America Movil goes short

Fri Sep 6, 2013 11:21am EDT

NEW YORK, Sept 6 (IFR) - In its second market foray of the week, America Movil, A2/A-/A, returned Thursday to tap another niche market, this time raising USD750m through a three-year floater.

The issuer hit the sweet spot for investors seeking a hedge against US rate volatility and getting in ahead of a potential USD30bn trade from Verizon that has already forced a sell-off in the telecom sector.

Floaters are scarce in Latin America, with just a handful of credits tapping this market in recent years, including Santander Chile and Petrobras.

For the blue-chip Latin American telco, the economics made sense given the steepening of its curve in recent weeks as its EUR7.2bn takeover bid for Dutch telco KPN unnerved the buyside and rating agencies that have put the credit on negative watch.

America Movil's short-dated bonds have ground tighter even as the long-end sold off, making a tap in this part of the curve comparatively attractive.

Starting with initial price thoughts of three-month Libor plus very low 100s, the borrower proceeded to set the spread at 100bp over and print at par. Against the company's short-dated fixed rate bonds, bankers were calculating a premium of anywhere between 5bp and 22bp with the Z-spread on the 2016s being spotting at between 78bp and 95bp.

WORKING BACKWARDS

Conversely some bankers took the outstanding 2022s as a starting point and worked backwards. One calculated a new 10-year coming at Treasuries plus 200bp and a three-year at 150bp, though the steepness of America Movil curve with an approximately 80bp differential between 3s and 10s may put a new three-year fixed closer to 120bp.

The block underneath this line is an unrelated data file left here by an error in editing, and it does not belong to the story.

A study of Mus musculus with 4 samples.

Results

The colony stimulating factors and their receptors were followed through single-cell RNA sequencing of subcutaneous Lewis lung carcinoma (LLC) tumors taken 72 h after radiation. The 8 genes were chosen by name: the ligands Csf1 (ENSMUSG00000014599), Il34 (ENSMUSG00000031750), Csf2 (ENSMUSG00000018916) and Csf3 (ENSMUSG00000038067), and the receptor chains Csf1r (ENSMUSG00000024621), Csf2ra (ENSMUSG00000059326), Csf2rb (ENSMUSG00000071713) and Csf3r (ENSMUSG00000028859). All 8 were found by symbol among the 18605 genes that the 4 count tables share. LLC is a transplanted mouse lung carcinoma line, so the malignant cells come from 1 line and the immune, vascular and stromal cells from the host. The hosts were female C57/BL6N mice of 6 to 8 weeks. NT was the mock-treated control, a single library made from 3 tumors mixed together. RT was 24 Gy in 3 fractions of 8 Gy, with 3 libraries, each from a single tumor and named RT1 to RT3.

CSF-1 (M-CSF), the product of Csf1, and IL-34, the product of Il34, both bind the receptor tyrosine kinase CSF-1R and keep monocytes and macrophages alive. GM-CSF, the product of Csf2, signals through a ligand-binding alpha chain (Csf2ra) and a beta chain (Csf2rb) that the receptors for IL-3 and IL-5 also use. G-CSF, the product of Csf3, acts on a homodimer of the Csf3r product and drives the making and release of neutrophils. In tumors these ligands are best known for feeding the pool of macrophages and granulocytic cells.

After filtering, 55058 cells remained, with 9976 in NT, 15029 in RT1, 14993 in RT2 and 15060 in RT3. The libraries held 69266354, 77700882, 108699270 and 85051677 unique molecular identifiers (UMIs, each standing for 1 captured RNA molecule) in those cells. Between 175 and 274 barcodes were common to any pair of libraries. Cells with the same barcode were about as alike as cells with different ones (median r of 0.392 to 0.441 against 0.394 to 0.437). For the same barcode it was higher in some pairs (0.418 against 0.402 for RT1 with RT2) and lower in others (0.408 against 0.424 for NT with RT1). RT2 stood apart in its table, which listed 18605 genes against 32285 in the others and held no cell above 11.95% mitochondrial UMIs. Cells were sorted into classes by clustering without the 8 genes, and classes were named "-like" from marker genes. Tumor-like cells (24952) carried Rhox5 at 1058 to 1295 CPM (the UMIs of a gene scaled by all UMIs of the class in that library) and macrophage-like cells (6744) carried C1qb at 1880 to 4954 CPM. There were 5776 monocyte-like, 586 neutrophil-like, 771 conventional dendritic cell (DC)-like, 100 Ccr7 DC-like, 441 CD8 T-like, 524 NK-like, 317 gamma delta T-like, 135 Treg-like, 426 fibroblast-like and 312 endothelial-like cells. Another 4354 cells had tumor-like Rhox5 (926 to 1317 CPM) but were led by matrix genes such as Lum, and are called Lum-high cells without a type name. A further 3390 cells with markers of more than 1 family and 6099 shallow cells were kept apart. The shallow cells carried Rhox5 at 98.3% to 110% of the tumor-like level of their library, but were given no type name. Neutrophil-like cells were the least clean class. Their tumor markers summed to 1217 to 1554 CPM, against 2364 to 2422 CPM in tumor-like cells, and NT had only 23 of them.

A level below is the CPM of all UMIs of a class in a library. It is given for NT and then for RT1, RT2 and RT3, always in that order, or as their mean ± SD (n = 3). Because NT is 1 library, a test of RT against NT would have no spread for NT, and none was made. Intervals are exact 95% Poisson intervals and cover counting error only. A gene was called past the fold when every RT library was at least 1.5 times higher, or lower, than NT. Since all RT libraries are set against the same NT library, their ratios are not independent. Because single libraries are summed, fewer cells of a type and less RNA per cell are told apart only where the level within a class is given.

Either way, the pricing and timing arguably made good sense, given the uncertain backdrop.

"There is a bunch of liquidity at the short-end and for a three-year floater they'll be paying about 1.25% for the lifetime of the bond," said a banker.

Demand peaked at a relatively modest USD1.5bn with some 75 accounts participating, though floaters are not known for their excessively large books. "There are only a small core group of investors that look at the front end, even less for floaters with a three-year tenor, but for America Movil they get a better bid from the high-grade buyer base accustomed to three-year floaters."

From the perspective of investors that play this market, a finish of 100bp over Libor arguably looked attractive against Z-spreads on other major telcos. For instance, Vodafone's 2015s and 2016s were trading with a Z-spread of 60bp and 70bp respectively, while BT's 2015s were at 60bp, Deutsche Telecom's at around 86bp, AT&T's 2016s in the high 50s and Verizon's 2016s at 80bp.

Demand was mostly driven by US investors but LatAm and European accounts were also seen participating. Joint bookrunners were Citigroup, BBVA and Banca IMI.

The latter bank was seen an unusual choice to take a leading role in this trade given its inexperience in LatAm deals such as this one, but it is thought that the Italian bank was benefiting from reciprocity rights given its participation in recent loans.

Co-managers on the trade included Mizuho and Mitsubishi UFJ Securities.